A while ago I mused on programming languages (as programmers are wont to do), and concluded that the best thing about languages like Python (and, I now admit, Java) is the freedom from all the hideous memory management that Some Other Languages have to do.
Raymond Chen’s blog has an interesting example of querying information from an Explorer window. Interesting not for the way in which it introspects down through the multiple-interface objectery of Windows to get at the data, but because it exemplifies, for me, the reasons I dislike C++, and Windows C++, so much.
Take a look (should you feel like it) at his final example (at the end of that page). He excuses the ugliness by saying “because I put everything into one huge function instead of breaking them out into subfunctions”, and indeed, this is partly an excuse. But look at the actual code; that ever-deepening cascase of nested ifs matched by the sudden flurry of CoTaskMemFree and Release calls. I have to wonder how much simpler this would be in a dynamic language, with grown-up memory management. But, as Raymond often points out, that’s legacy for ya.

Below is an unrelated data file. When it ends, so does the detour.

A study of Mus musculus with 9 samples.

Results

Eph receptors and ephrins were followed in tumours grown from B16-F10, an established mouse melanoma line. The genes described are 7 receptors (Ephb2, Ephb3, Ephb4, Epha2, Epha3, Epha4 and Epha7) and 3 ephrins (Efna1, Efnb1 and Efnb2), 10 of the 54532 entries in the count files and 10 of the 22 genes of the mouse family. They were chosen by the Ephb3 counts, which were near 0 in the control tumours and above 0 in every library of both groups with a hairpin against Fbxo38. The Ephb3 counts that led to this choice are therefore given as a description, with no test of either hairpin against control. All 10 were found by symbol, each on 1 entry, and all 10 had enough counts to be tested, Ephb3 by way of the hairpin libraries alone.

The syntax of C++ also grates, after a good couple of years now with the simpler, more streamlined Python; stuff like if (SUCCEEDED(pwba->QueryInterface(IID_IServiceProvider, (void**)&psp))) just… looks ugly (though I can still read it perfectly well), but I think it’s the sheer effort required to do anything via COM and the Windows API that I remember – the slow trudge through looking up IIDs, playing with QueryInterface and trying to work out who owned what. It was a lot of work for what was often very little effect and I don’t miss it at all.
But then I’m a curmudgeonly old Hector at the best of times…
 I don’t know if this is a real word, but it should be, shouldn’t it? Like an orangery is to oranges.